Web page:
Last updated on March 13, 2024

Our Review Process


Key Takeaway
 Best Overall

JavaPresse Stainless Manual Coffee Grinder

Don't Waste Your Money Seal of Approval


Stainless Manual Coffee Grinder

This manual coffee grinder has 18 different grind settings, so you can precisely get the kind of ground you're seeking. It's 90% quieter than an electric grinder, and the ceramic combo burrs are designed to last five times longer than stainless-steel blades.

Overall Take

Precision and ControlWith 18 different grind settings, you can choose the coarseness of your coffee grounds.

 Runner Up

LHS Manual Coffee Mill Grinder


Manual Coffee Mill Grinder

This highly durable manual coffee grinder is ideal for taking to the office or anywhere else you'd like freshly ground coffee. The ceramic burr and stainless-steel hand-crank are high-quality and long-lasting. This grinder has four adjustable levels, from fine to coarse.

Overall Take

Highly Portable DesignThis manual coffee grinder is the perfect size for taking to the office.

 Honorable Mention

Porlex 345-12541 Jp-30 Stainless Manual Coffee Grinder


Stainless Manual Coffee Grinder

This grinder has ceramic conical burrs which provide a wide range of grinds from powder to French press. Its sleek stainless-steel body is modern and stylish. This manual coffee grinder has a 30-gram capacity.

Overall Take

Sleek and Sophisticated DesignThis manual coffee grinder has a stainless-steel, static-free body that adds a contemporary touch.

 We Also Like

KONA Conical Burr Mill Manual Coffee Grinder


Conical Burr Mill Manual Coffee Grinder

This versatile manual coffee grinder provides 18 different grind settings, so you can achieve exactly the kind of flavor you're seeking. The glass jar can hold enough grounds for three cups of coffee. The hand-crank is ergonomically designed and easy to use.

Overall Take

From French Press to EspressoThis grinder allows for a variety of grind settings, including French press, espresso, Turkish and cold brew.

Buying Guide

Is there anything better than the smell of freshly brewed coffee in the morning? If you’re a true aficionado, you know that the best coffee comes from beans that have been ground right before you brew your cup. However, electric coffee grinders can be noisy, inconsistent and costly. If you’re looking for consistent grounds, try a manual coffee grinder.



When it comes to durability, manual coffee grinders outperform their electric counterparts. The grinder is a simple machine that consists of a vessel to hold the beans, a set of burrs to grind the beans and another vessel at the bottom to collect the grounds. The entire coffee grinder is typically held together by a long rod that connects the handle to the burrs.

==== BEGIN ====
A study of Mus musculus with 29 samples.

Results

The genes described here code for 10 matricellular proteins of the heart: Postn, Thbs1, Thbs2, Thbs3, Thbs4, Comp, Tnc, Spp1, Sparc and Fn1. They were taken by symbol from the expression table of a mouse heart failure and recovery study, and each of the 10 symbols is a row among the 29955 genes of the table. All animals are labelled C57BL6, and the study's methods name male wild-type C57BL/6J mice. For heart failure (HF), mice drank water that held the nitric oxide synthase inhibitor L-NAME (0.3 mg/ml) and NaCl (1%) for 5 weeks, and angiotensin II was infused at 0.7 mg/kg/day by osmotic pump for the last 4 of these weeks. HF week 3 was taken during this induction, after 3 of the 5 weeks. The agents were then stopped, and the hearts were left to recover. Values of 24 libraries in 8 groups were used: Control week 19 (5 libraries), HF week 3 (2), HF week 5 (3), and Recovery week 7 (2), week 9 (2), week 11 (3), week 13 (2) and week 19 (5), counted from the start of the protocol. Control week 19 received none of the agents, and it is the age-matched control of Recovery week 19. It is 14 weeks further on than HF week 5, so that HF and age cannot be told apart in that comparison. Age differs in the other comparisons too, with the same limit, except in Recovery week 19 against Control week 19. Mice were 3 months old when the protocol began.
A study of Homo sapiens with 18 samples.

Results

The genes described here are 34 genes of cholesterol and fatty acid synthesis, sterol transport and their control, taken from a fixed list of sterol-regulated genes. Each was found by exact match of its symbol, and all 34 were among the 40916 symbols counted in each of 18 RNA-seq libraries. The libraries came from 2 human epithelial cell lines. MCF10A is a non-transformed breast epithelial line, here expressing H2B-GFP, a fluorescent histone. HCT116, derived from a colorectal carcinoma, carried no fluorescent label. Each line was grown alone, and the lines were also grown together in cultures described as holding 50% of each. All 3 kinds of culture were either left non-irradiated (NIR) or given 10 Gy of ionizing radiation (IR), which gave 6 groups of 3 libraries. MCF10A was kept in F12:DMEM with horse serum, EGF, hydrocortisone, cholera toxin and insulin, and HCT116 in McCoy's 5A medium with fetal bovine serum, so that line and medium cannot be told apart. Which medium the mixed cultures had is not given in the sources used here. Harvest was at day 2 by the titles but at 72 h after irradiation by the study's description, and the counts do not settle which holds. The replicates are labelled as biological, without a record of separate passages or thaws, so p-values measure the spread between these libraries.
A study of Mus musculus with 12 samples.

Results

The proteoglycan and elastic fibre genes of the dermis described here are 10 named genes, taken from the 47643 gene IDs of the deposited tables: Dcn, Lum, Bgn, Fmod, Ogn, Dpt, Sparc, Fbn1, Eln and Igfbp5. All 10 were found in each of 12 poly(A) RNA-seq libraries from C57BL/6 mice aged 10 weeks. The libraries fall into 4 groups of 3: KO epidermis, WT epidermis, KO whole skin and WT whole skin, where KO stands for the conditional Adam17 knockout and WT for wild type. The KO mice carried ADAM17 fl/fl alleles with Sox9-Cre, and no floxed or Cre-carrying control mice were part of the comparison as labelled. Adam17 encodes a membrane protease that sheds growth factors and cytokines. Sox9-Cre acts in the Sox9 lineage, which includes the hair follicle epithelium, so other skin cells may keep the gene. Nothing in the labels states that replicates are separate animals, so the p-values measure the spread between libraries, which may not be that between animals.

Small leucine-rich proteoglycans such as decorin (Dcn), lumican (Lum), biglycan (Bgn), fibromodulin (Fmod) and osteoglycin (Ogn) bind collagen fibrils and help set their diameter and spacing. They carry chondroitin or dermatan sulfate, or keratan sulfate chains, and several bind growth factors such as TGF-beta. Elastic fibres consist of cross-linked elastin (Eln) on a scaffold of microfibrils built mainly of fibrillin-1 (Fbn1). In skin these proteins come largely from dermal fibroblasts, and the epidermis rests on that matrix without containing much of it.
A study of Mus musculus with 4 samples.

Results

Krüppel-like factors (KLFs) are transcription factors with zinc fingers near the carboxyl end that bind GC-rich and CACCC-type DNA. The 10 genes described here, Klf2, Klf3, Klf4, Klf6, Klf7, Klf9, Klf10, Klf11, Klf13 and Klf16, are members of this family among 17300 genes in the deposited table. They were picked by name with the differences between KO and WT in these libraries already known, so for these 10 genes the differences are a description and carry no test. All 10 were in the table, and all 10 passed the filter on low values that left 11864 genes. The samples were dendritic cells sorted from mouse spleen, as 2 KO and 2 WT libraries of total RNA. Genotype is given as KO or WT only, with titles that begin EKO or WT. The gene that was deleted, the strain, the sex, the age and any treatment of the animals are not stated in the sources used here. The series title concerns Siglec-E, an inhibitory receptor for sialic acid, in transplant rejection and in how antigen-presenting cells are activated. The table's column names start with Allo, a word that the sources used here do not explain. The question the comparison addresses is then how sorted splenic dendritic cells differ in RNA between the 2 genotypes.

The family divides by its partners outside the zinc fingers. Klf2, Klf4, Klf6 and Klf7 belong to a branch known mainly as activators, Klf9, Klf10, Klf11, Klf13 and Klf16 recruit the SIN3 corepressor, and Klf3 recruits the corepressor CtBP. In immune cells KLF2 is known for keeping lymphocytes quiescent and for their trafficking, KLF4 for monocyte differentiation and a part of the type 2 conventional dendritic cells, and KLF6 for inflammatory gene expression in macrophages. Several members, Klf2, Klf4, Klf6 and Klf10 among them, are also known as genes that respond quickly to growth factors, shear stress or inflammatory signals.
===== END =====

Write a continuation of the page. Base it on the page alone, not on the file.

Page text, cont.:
What to Look For

  • When looking for a manual coffee grinder, consider the material it is made out of, as this will affect the durability of your machine as well as the aesthetic of your kitchen. For the most part, manual coffee grinders are made out of steel, ceramic or plastic. Steel is highly durable and portable. Ceramic, on the other hand, is delicate and may break if not used properly. It’s not as portable as a steel or plastic manual coffee grinder, though it is elegant. Plastic manual coffee grinders are functional and durable. They are great for carting around to the office or on a camping trip.
  • Consider the capacity of the grinder and ensure it aligns with your needs. If you usually make coffee for yourself, then a small manual grinder will do. Most of them have a capacity for 20-30 grams of grounds. A larger manual coffee grinder can accommodate up to 40 grams of grounds. If you entertain often or make coffee for multiple people, this may be a better choice for you.
  • For some shoppers, the number of grind settings is important, especially for those who like espresso. Many manual coffee grinders come with multiple settings, from coarse to fine. Some have specific settings meant to optimize the grounds for particular styles of coffeemakers or methods of preparation, such as French press, espresso, percolator and Turkish coffee, while others have simple settings based on coarseness. When it comes to espresso, even a microscopic change in the size of the ground can affect the flavor of the coffee itself. If you’re interested in trying different kinds of coffee, opt for a manual coffee grinder that has many different types of grind settings.

More to Explore

Coffee has been around for thousands of years — and so have manual coffee grinders. When coffee was introduced in Arabia around the year 1200, the beans were ground between small millstones. The Romans used wheat mills to grind large amounts of coffee.

In the middle ages, around 1400 in Turkey and Iran, coffee beans were first roasted in metal saucers and then finely ground. Some coffee-lovers around this time ground their beans using modified spice grinders.

In 1798 in the United States, the first patent for a manual coffee grinder was granted. The device was wall-mounted and ground the beans between metal nuts with strong teeth.